Will this bird’s eye view of the Downtown Mall soon be used for fighting crime? City police told City Council that in addition to securing public buildings Downtown, the whole corridor could be secured through a wireless camera system.
Earlier this month, Charlottesville Police Chief Timothy J. Longo submitted a proposal to City Manager Gary O’Connell that said, in sum: The city needs to secure its public buildings on the Downtown Mall. In addition, a wireless camera system could be implemented for about $300,000 to deter assaults and thefts outdoors. Though the decision will likely belong to City Council, C-VILLE sat down with the chief to ask some of the questions raised by a Downtown Mall surveillance system. Here’s an edited transcript.
C-VILLE: Why the Downtown Mall?
Chief Longo: I think [cameras are] highly effective in areas that have heavily populated pedestrian foot traffic…where you have a large number of people who come to congregate to enjoy amenities. Those are typically areas that could be preyed upon for purposes of criminal activity. It’s the economic engine that drives the city. It’s our greatest tax base. If people don’t feel safe coming Downtown, they won’t come Downtown. That affects all of us.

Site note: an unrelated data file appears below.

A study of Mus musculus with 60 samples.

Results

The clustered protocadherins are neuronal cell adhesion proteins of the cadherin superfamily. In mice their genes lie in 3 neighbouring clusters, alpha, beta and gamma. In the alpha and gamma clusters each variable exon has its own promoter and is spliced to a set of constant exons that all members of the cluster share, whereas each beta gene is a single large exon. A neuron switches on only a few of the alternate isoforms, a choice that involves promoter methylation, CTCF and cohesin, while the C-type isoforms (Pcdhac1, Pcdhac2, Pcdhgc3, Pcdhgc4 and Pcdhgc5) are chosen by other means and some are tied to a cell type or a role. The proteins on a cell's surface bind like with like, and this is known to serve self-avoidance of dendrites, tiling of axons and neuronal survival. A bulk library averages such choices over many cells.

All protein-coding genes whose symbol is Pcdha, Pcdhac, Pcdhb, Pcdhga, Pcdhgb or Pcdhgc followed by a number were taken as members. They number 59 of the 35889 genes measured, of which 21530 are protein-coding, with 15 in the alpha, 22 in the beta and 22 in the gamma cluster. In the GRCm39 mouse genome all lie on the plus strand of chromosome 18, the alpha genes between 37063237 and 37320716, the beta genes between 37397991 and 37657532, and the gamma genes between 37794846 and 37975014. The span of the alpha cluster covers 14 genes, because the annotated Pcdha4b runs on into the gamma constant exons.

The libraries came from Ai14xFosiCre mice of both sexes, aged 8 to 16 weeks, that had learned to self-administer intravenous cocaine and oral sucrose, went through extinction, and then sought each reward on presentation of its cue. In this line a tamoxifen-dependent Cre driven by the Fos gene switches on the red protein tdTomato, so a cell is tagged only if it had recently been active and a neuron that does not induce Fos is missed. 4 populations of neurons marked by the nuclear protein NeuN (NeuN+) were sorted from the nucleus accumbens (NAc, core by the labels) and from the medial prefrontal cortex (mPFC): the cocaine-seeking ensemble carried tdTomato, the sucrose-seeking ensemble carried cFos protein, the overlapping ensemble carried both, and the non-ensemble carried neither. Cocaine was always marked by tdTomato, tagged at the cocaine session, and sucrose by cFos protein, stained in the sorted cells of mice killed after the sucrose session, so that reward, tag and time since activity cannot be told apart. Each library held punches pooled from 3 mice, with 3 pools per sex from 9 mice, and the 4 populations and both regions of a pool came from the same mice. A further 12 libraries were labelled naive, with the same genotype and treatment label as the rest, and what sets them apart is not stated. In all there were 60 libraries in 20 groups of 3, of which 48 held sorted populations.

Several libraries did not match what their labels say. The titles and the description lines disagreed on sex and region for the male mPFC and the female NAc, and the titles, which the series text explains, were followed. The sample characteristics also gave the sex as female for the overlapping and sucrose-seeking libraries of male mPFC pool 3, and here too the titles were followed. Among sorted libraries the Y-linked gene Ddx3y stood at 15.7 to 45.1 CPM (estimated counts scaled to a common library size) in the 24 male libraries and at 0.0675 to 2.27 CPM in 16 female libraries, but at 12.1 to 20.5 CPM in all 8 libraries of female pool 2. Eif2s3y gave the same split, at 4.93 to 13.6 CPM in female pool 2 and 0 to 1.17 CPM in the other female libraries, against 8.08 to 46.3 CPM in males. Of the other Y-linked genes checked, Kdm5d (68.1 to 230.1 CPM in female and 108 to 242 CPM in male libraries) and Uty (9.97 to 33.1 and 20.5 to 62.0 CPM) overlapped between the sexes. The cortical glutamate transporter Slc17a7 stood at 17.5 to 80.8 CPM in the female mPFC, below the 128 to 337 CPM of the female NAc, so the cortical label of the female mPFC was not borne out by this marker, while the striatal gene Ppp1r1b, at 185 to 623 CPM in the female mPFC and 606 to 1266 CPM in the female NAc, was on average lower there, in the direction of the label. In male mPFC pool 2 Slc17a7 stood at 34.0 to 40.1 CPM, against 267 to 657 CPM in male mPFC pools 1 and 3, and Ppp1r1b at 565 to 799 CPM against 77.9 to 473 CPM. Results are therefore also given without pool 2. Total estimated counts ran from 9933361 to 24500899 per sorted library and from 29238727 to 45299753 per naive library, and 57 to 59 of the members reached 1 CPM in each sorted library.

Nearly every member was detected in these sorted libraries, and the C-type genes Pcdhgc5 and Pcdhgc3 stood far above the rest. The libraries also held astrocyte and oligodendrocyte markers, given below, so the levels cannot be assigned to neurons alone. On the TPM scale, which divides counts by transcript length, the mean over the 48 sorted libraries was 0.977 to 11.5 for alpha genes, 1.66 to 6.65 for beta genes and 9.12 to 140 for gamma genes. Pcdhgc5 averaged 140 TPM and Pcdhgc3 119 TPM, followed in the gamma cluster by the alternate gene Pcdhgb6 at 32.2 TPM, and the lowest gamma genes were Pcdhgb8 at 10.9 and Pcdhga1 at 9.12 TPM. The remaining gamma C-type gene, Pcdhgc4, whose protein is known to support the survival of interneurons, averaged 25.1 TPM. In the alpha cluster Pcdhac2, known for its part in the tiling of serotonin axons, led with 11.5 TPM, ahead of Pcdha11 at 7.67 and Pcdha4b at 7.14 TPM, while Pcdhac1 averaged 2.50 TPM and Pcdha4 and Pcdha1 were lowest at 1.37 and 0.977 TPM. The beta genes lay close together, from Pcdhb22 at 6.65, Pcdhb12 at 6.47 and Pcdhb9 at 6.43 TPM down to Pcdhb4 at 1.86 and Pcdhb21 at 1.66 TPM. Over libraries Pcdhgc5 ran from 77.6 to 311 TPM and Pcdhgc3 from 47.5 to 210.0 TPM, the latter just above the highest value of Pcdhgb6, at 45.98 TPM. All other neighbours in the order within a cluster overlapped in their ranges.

Is surveillance proven to be effective at reducing crime?
I think it’s an easier thing to demonstrate how it’s been useful in the retrospective investigation of a crime. It’s harder when you’re trying to say how much of a difference has the installation of this equipment had on the crime rate [in other areas].
Charlottesville Police Chief Timothy J. Longo says the Downtown Mall is a top candidate for video surveillance because “it’s the economic engine that drives the city.”
Would this be a privacy issue?
I don’t think it’s a constitutional argument as much as it is a public policy argument. We’ve accepted the private sector doing it. We’ve accepted the fact that if we go into the bank we’re being videoed. But when it’s the government, people tend to get a little more uncomfortable. I would take the position that [the Fourth Amendment] doesn’t apply unless there’s a reasonable expectation of privacy.
What would happen to the videos?
There is some utility in monitoring it in real time. The question is, do we have the capacity personnel-wise, and I don’t think right now we do. It’s important when you’re implementing a system like this that you are spending a lot of time on how the data will be stored, and for what purpose it will be used and to whom it will be accessible.
Why put cameras on the Mall instead of streets with higher crime?
Tell me where you want it. I’m not going to abandon my theory of putting it in heavily populated areas, but I’ll put this system anywhere you want it, if we agree that it could be productive in securing a safe community.